LONDON: The UK government has agreed to support and fund a national memorial to honour the sacrifices and contribution of Sikh soldiers who fought for Britain and its allies during the two World Wars.
More than 83,000 turbaned Sikh soldiers gave their lives and more than 100,000 were injured during the wars.
“We are indebted to all those servicemen who volunteered to serve and fought to defend the freedoms we enjoy today,” said UK communities secretary Sajid Javid yesterday as he announced government backing for the new memorial in London.
“A Sikh war memorial in our nation’s capital will honour their sacrifice and ensure that this part of our shared history is never forgotten. So, I’m delighted to get behind this campaign and ensure its success,” he said.
The campaign for a new Sikh war memorial was led by Tanmanjeet Singh Dhesi, Britain’s first turbaned Sikh MP, who now has the support of the UK’s Ministry of Housing, Communities and Local Government to help set up a Working Group to find a suitable location.
Once an appropriate site has been identified and detailed plans agreed, the ministry has agreed to provide funding towards the project.
“The part played by Sikh servicemen really stands out a contribution that is all the more remarkable when you consider that these brave men travelled thousands of miles to fight for a country that wasn t their own,” said Javid.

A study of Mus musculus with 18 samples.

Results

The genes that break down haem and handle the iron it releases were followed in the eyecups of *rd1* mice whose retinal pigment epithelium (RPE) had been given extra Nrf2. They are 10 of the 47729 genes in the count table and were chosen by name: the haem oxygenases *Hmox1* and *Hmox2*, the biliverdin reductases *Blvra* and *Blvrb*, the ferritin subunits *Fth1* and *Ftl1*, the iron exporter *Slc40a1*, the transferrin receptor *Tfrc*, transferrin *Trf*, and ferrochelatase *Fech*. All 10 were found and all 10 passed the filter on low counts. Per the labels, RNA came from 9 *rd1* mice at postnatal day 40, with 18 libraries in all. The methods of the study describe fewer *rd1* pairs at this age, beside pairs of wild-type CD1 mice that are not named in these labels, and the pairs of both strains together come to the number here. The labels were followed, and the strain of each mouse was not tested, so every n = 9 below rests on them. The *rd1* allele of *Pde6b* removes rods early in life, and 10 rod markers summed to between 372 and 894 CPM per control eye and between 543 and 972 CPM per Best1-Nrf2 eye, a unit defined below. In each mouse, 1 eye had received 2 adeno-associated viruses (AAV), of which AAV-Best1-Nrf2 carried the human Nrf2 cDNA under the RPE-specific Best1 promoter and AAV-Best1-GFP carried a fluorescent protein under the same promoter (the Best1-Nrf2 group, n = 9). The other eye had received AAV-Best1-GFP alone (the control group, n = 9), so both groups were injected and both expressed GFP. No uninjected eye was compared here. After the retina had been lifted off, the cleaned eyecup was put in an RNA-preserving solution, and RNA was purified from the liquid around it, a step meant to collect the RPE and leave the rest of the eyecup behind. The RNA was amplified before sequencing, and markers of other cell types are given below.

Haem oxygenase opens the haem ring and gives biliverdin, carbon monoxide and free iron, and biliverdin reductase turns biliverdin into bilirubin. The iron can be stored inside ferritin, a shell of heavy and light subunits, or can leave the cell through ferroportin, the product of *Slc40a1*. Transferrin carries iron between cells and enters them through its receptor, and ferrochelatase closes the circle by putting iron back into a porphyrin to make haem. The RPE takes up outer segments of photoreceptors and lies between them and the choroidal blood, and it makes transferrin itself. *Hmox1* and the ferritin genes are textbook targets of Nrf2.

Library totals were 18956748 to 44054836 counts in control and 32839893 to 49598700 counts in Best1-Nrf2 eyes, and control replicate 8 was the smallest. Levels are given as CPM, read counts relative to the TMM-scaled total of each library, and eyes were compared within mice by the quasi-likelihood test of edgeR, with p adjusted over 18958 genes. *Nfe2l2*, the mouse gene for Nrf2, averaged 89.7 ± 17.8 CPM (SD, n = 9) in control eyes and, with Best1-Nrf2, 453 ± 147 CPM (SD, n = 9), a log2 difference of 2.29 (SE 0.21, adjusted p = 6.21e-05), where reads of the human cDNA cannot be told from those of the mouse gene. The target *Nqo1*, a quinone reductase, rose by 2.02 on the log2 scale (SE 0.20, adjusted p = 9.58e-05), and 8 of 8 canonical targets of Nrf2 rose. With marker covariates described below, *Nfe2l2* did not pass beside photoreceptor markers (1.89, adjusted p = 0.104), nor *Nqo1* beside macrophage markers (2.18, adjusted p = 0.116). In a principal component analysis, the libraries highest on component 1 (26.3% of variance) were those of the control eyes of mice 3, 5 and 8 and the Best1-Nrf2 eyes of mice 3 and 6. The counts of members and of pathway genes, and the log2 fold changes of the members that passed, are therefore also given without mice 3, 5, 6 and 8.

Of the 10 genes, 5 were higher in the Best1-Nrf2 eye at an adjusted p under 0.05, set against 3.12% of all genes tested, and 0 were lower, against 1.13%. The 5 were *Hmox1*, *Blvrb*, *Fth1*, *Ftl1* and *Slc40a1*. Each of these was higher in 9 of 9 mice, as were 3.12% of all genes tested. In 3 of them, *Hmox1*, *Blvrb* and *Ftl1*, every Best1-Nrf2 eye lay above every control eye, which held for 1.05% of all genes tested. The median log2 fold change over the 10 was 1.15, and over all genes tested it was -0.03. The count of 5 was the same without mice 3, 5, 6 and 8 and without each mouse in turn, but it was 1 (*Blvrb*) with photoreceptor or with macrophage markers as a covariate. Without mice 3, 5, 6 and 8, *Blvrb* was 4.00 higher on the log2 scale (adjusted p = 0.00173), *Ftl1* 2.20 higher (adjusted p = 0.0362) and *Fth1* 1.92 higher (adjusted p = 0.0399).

Over 27,000 people had signed an online petition by Dhesi, the Labour party MP for Slough who also submitted an Early Day Motion (EDM) in the House of Commons on the issue, which attracted cross-party support from over 260 MPs.
“Given that the Sikh community, which is very proud of its military traditions, there has been a demand for more than a decade for a Sikh memorial in a prime central location in London,” Dhesi said.
“Britain owes a huge debt to the Sikh service men and women who fought alongside British troops in the First and Second World Wars. I look forward to supporting the work of the new National Sikh War Memorial Trust in lobbying for proper recognition of these courageous individuals,” added London Mayor Sadiq Khan.
According to official records, despite making up only 2 per cent of the Indian population when the First World War broke out, Sikhs accounted for more than 20 per cent of the Indian Army’s manpower.
Sikh soldiers from Punjab and surrounding states saw action in Europe, Africa and the Middle East, most notably on the Western Front and at Gallipoli.
On the Western Front Sikhs fought and died alongside their British, Indian and Commonwealth counterparts. Their contribution was essential to the war effort and of the 22 Military Crosses awarded to Indian soldiers, 14 went to Sikhs.